The dismantling of one of the Dominican Republic’s largest drug trafficking rings has revealed that the Caribbean nation serves not only as a cocaine transshipment point but also a money laundering hub.
The syndicate — formerly run by jailed crime boss César Emilio Peralta, alias “El Abusador” — laundered more than $260 million in drug proceeds during the past three years, according to a July 31 press release from the Dominican Republic’s Attorney General’s Office.
Luis Eduardo Velásquez Cordero, alias “El Pequeño,” was charged with running the laundering operation using shell companies before being arrested at the end of July, prosecutors said.
Peralta, known locally as the “cocaine king,” is accused of controlling the drug ring’s operations out of the capital, Santo Domingo. Relying on corrupt police and government officials, as well as contacts with Mexican organized crime groups, the nightclub impresario trafficked cocaine into the United States and Europe, according to prosecutors.
Authorities captured Peralta in December 2019 in the Colombian port city of Cartagena after he fled the Dominican Republic.
Another alleged member of Peralta’s network, Rhinel Rodríguez, alias “Fido,” was also arrested alongside Velásquez Cordero. Authorities seized $162,000 in cash from Velásquez Cordero during the arrest, as well as a Range Rover worth $150,000.
Following the arrests, local officials raided a number of other properties belonging to Velásquez Cordero and seized a dozen more luxury vehicles, including a Ferrari.
Authorities said they have now arrested 23 of the 30 people who made up Peralta’s criminal group.
InSight Crime Analysis
The vast sums of money laundered by Peralta’s operation indicate that the Dominican Republic is hospitable to international drug shipments and illicit financial flows.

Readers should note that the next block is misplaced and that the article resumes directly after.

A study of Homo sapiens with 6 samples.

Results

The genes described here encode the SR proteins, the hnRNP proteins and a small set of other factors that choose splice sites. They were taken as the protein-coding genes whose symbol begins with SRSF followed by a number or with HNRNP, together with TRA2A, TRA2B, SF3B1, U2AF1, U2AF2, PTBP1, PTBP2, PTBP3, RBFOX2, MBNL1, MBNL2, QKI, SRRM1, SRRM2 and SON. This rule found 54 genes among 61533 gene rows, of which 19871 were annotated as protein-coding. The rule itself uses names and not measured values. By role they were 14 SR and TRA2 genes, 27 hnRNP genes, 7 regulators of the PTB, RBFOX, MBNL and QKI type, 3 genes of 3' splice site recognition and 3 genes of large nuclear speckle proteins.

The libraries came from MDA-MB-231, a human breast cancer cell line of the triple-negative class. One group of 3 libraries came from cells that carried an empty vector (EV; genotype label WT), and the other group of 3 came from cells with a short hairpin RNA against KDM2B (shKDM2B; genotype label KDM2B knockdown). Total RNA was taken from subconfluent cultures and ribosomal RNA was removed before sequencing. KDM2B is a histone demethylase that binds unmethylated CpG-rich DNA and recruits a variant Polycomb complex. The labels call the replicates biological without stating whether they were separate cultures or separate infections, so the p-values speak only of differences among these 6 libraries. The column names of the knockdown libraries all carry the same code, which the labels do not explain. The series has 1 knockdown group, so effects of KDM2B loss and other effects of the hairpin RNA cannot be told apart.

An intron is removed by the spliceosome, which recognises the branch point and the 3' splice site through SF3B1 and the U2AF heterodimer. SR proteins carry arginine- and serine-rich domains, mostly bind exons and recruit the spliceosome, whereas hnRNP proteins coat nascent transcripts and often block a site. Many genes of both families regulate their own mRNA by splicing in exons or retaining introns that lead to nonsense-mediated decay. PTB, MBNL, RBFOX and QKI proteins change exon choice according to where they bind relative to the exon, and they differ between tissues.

The $260 million that authorities allege Velásquez Cordero laundered over the last three years translates to more than $7 million in drug proceeds cleaned every month.
Peralta and his network primarily used a number of nightclubs — all owned or controlled by him through frontmen — to launder drug proceeds.
The Dominican Republic’s tourism sector, which features nightclubs like the ones Peralta used to launder his drug proceeds, takes in huge profits. In 2019 alone, the industry recorded more than $7 billion in revenue, according to government data.
SEE ALSO: Coverage of the Dominican Republic
The network also coordinated bulk cash deliveries from the United States to then launder in the Dominican Republic, according to the US Treasury Department’s Office of Foreign Assets Control (OFAC), which classified Peralta and eight other associates of his as “significant foreign narcotics traffickers” in an August 2019 designation.
The Basel Institute on Governance’s 2020 Anti-Money Laundering Index identified the Dominican Republic as having moderate risk for money laundering. However, the US State Department’s 2020 International Narcotics Control Strategy Report (INCSR) report went even further, saying that “corruption within the government and the private sector, the presence of international illicit trafficking cartels, a large informal economy, and weak financial controls make the [Dominican Republic] vulnerable to money laundering threats.”
The Caribbean has long served the interests of money launderers. Based on recommendations from the Financial Action Task Force earlier this year, the European Union (EU) singled out a number of countries in the region, including the Bahamas, Barbados and Jamaica, as having “strategic deficiencies” when it comes to combatting money laundering.